Military families facing housing, health, and food challenges, survey finds
A national security threat is emerging, but it’s not from abroad, and another F-35 won’t solve it.
Military families are reporting housing, health, and financial challenges, according to a survey released on Thursday by the Military Family Advisory Network. The survey found that nearly a quarter of enlisted families are experiencing food insecurity and that more than 60 percent of respondents pay more than they can comfortably afford for housing.
Overall, military and veteran families are facing financial hardships and some are suffering emotionally, with over 50 percent of military and veteran families reporting loneliness.
“When you look at all these things together, nothing is all that surprising that it would lead to some of these downstream effects,” says Shannon Razsadin, president of Military Family Advisory Network.
These downstream effects include a decline in military and veteran respondents saying they would recommend military life, and a recruiting crisis in the military, with every branch of the U.S. military struggling to meet its quotas.
Together these two issues — military families’ quality of life and recruiting challenges — paint a dark picture for U.S. national security.
“We can’t ignore the sustained impact that issues like food insecurity, childcare, housing and spouse employment can have on a military family,” said 2022 AFI Air Force Spouse of the Year, Heba Abdelaal, of the challenges facing military families. “Together, we must continue the hard work of addressing the quality of life challenges our military families face at home and abroad. The future of our national security depends on it.”
Currently, the National Defense Authorization Act proposes allocating $840 billion for national defense. With such a large price tag — and well documented waste, fraud, and abuse — many wonder why military families are struggling to meet basic financial and health needs.
To understand the current status of military families, MFAN surveyed 8,638 military and veteran families between October and December 2021 about their health, finances, housing, and food security, among others.
The survey found that 60 percent of military families reported moderate or poor health. The survey also found that military families are facing financial challenges. One-fifth of active service families and nearly 40 percent of veteran families surveyed reported less than $500 of emergency savings or no emergency savings fund. And over three-quarters of military families indicated that they carry debt.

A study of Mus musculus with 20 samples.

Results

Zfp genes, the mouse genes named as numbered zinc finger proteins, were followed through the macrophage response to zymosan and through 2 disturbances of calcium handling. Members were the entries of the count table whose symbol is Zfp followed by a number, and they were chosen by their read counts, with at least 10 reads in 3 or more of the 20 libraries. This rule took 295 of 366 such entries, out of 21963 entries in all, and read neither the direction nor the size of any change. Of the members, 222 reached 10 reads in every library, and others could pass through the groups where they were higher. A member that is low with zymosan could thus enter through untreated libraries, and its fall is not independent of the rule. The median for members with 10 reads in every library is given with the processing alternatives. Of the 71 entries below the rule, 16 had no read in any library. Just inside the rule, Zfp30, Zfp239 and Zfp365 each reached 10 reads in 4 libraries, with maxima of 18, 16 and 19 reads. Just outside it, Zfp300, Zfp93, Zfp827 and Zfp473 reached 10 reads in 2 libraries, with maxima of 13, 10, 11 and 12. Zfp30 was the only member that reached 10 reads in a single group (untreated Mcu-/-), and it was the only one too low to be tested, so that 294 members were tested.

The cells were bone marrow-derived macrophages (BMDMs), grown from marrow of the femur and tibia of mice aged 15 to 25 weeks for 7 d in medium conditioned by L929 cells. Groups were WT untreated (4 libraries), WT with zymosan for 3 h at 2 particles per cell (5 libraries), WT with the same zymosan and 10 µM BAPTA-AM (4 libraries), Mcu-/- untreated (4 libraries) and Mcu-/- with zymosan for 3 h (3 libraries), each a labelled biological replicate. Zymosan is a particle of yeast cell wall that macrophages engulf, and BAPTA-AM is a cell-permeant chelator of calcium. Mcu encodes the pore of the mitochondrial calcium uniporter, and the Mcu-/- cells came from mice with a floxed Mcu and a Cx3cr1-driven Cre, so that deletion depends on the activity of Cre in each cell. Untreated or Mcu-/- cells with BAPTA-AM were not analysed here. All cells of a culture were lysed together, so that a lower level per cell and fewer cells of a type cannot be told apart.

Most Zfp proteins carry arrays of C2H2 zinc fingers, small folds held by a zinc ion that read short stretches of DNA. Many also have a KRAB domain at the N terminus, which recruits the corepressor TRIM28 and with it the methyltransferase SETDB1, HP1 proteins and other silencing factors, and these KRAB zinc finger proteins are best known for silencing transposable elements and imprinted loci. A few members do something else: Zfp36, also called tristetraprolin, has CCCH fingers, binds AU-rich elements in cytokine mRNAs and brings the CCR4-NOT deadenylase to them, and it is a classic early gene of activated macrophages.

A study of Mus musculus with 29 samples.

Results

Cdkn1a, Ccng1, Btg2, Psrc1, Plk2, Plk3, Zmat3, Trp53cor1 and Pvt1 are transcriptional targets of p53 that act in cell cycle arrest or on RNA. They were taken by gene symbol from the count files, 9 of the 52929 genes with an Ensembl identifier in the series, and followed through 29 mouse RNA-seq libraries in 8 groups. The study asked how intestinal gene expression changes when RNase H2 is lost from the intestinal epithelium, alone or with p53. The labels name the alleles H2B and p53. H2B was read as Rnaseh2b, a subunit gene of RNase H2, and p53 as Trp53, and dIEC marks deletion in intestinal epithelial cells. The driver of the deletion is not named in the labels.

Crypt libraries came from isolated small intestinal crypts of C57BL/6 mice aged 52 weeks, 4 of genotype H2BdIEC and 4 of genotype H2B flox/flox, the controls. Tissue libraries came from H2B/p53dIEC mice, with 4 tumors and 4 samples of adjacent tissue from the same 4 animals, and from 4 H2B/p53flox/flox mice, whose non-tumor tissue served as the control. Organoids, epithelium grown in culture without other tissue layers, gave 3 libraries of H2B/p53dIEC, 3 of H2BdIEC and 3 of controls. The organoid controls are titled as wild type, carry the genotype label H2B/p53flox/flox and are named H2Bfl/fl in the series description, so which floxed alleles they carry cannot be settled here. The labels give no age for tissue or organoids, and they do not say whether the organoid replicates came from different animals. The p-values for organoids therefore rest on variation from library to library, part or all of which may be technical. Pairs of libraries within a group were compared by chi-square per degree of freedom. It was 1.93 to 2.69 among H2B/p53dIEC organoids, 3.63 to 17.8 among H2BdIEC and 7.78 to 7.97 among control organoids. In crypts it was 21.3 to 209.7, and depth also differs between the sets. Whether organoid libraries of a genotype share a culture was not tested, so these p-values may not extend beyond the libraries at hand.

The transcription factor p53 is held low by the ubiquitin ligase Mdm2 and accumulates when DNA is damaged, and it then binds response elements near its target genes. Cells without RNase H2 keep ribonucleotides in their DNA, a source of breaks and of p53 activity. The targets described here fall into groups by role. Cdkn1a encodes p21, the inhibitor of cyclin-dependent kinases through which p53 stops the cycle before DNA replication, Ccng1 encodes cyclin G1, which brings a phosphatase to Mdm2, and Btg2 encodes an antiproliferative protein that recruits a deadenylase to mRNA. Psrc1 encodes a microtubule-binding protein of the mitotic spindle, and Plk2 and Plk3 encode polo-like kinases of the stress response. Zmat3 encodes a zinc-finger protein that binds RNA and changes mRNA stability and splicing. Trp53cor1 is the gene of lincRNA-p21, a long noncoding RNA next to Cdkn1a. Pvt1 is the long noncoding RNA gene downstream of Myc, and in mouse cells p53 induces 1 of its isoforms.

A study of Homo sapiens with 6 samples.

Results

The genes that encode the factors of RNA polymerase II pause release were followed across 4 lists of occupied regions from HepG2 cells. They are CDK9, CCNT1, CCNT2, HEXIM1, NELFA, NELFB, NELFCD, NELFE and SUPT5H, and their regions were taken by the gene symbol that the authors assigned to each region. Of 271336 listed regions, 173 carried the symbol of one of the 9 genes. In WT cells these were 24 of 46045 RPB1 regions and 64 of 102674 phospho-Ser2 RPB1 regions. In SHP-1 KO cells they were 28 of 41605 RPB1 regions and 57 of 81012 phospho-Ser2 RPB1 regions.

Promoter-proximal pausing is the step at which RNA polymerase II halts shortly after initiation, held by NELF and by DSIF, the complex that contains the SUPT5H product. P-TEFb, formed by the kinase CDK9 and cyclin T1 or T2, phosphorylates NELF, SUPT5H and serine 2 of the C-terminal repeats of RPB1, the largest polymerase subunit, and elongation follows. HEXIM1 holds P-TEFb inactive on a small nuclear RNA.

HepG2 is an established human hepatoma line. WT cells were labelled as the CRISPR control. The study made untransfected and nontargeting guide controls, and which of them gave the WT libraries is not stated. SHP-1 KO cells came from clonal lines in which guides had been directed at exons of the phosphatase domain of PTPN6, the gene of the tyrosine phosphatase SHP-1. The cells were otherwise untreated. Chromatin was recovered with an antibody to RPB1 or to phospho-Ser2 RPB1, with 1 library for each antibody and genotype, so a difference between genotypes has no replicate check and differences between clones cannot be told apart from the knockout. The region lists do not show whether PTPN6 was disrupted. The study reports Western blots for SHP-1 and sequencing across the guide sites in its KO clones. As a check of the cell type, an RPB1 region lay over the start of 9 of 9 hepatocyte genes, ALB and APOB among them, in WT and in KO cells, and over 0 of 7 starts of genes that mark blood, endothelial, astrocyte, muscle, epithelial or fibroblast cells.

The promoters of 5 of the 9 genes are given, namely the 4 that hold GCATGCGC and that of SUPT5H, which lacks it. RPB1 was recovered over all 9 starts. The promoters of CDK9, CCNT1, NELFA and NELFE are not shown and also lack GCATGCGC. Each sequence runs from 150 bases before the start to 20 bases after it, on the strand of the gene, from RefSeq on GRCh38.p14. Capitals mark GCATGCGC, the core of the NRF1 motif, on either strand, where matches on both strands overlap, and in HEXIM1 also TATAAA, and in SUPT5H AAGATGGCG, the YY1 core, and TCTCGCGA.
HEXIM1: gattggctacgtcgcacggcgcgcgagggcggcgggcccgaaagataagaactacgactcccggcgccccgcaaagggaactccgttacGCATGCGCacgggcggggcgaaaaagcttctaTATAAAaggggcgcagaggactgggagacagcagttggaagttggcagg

These issues do not affect all servicemembers and veterans equally. Hispanic, American Indian, and African American respondents were more likely to fall into the “moderate” or “poor” health categories than their white non-Hispanic counterparts.
The discrepancies also applied to military rank. Those in the lowest enlisted ranks experienced poor family health at twice the rate of those in the middle of the officer category. And enlisted families reported food insecurity at nearly five times the rate of officer families.
The survey also found that families’ views of military life were changing. Between 2019 and 2021, the rate of military and veteran respondents saying that they would recommend military service dropped from about three quarters to 60 percent. Razsadin said that when respondents were prompted to explain why, they often cited that the challenges of military life outweighed the benefits. But the rate of civilians who said that they would recommend military life to someone they cared about stayed the same–at 46 percent– since the last survey in 2019.
“We’re concerned about that finding,” said Razsadin. “To see this type of drop, while we’re still seeing the civilian side remain consistent, is something that I think is really important to look at further.”
Meanwhile, Army Secretary Christine Wormuth recently told NBC news that “the Army is facing the most challenging recruiting market in the last 20 years.”
According to the Army’s website, 71 percent of young Americans do not qualify for military service and of those that do, only nine percent are willing to join. In June of this year, the military was 23 percent behind its recruiting goal for the year.
Given that military family members are more likely to enlist (79 percent of Army recruits have a relative who served) the survey’s dour findings about military families’ quality of life may be a factor in the military’s recruiting challenge.
As of June 17, the Army started offering a $35,000 bonus for new recruits. But Abdelaal is doubtful that efforts like this will make up for challenges facing military families.
“You can authorize all of the bonuses that you want,” she says. “Military members and their families are no strangers to sacrifice. But even additional money may not result in the quality of life changes necessary to sustain an all-volunteer military force.”
The Quincy Institute will be hosting a panel on July 25 exploring the challenges facing our military families. Please RSVP here.